Politics

/

ArcaMax

Philadelphia is hoping to change the way it fights gun violence by funding smaller community groups

Sean Collins Walsh, The Philadelphia Inquirer on

Published in Political News

Research on successful violence-reduction strategies in other cities shows that programs are more effective when led by groups based in violence-torn neighborhoods.

Mayor Jim Kenney speaks at a news conference to discuss the anti-violence funding in the new budget on Wednesday.

Mayor Jim Kenney speaks at a news conference to discuss the anti-violence funding in the new budget on Wednesday.JESSICA GRIFFIN / Staff Photographer

When Philadelphia City Council members last month fought to include $68 million in new spending for violence prevention in this year’s budget, they weren’t just trying to boost the price tag of the city’s response to the record-setting pace of shootings. They were also trying to change the way the city doles out money to organizations working on the city’s priorities.

Council President Darrell L. Clarke and Mayor Jim Kenney on Wednesday unveiled the first detailed glimpse of that new way of doing business with the announcement of how Philadelphia will disburse about $20 million that lawmakers earmarked for community groups.

Instead of funding longstanding partners or large organizations with experience applying for grants, the city intends to funnel the money to medium-sized neighborhood-based groups that will also receive help on navigating the application process, building up their capacity to handle large amounts of funding, and monitoring outcomes.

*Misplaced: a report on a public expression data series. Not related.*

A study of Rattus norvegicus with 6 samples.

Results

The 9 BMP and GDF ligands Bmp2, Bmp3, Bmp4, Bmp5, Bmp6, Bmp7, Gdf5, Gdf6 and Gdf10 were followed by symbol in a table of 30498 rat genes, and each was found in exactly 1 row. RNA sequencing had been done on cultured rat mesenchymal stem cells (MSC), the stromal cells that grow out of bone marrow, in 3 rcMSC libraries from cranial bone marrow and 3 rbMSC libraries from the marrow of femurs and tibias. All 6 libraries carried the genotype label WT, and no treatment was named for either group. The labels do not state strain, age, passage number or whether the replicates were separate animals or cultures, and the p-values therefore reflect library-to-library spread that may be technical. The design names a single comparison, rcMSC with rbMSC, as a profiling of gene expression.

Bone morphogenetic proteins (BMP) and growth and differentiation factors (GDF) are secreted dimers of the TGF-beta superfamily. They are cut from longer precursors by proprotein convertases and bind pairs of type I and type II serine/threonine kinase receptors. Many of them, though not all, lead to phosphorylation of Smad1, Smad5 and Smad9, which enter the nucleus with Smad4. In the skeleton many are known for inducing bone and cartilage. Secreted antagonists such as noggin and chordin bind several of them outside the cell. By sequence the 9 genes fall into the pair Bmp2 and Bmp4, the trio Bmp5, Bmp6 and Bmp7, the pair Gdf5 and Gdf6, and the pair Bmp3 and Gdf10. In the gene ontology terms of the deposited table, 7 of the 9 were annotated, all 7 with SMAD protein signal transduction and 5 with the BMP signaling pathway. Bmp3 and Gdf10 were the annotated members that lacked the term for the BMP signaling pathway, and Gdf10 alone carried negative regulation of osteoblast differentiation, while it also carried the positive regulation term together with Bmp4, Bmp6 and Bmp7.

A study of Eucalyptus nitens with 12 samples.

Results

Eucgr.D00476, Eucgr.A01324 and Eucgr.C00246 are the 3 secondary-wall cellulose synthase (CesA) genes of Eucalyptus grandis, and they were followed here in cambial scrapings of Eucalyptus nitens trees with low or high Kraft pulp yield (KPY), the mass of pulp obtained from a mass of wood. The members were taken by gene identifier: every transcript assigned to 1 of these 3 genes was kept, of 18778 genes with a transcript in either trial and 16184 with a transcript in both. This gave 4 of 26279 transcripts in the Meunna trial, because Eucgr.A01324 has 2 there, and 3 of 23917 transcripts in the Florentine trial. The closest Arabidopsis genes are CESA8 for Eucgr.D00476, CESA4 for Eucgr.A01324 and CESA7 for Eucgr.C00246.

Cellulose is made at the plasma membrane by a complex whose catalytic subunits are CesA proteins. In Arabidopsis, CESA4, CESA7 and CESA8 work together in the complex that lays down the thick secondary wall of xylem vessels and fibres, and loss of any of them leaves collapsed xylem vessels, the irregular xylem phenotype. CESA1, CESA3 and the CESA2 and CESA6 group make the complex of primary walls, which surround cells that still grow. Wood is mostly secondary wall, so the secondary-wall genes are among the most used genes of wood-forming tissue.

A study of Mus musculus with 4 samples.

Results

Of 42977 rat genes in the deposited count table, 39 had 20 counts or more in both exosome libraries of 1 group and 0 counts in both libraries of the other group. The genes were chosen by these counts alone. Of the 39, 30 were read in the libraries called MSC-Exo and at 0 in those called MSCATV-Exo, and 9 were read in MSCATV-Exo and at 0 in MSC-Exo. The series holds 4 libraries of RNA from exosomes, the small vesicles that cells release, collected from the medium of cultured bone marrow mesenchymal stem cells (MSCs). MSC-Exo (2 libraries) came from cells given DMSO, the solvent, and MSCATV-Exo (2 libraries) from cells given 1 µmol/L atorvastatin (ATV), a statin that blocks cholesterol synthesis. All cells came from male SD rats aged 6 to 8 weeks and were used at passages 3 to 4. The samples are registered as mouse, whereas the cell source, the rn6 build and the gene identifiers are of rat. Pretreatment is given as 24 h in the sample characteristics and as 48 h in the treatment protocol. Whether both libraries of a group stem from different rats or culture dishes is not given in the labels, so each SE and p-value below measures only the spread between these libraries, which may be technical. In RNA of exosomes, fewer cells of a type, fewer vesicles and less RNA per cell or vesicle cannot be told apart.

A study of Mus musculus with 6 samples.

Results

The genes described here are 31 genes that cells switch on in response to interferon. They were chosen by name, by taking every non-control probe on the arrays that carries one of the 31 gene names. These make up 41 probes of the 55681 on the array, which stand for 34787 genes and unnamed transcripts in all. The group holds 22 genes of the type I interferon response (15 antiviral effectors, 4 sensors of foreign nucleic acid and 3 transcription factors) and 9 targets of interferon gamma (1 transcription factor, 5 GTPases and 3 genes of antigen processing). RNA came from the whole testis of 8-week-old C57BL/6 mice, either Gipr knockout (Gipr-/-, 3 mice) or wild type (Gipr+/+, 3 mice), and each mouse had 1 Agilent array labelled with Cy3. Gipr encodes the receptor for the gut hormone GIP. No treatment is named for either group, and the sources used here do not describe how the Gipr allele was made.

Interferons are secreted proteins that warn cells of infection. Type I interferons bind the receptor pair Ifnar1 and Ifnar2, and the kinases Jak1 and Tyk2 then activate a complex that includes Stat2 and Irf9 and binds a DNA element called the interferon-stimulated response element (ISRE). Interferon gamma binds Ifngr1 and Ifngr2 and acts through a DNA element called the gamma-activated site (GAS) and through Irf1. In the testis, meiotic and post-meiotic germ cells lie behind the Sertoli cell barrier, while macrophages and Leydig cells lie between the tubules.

The money, Clarke said, will go to “organizations that have waited way too long for serious resources to be made available to put them in a better position to deal with the serious work out in the neighborhood, on the ground, everyday, too frequently without any support from government.

“They do it because it’s the right thing to do. It’s in their heart. They’re passionate. They work hard,” he said. “We want to make sure we get them the necessary tools and support.”

Research on successful violence-reduction strategies in Chicago, New York, Oakland and other cities shows that programs are more effective when led by groups based in violence-torn neighborhoods and with community members who have the credibility to break through to young people at risk of shooting or being shot.

But many caution that the significant increase in Philadelphia’s investment in that approach won’t amount to much unless the city properly manages the grant program.

...continued

swipe to next page
©2021 The Philadelphia Inquirer, LLC. Visit at inquirer.com. Distributed by Tribune Content Agency, LLC.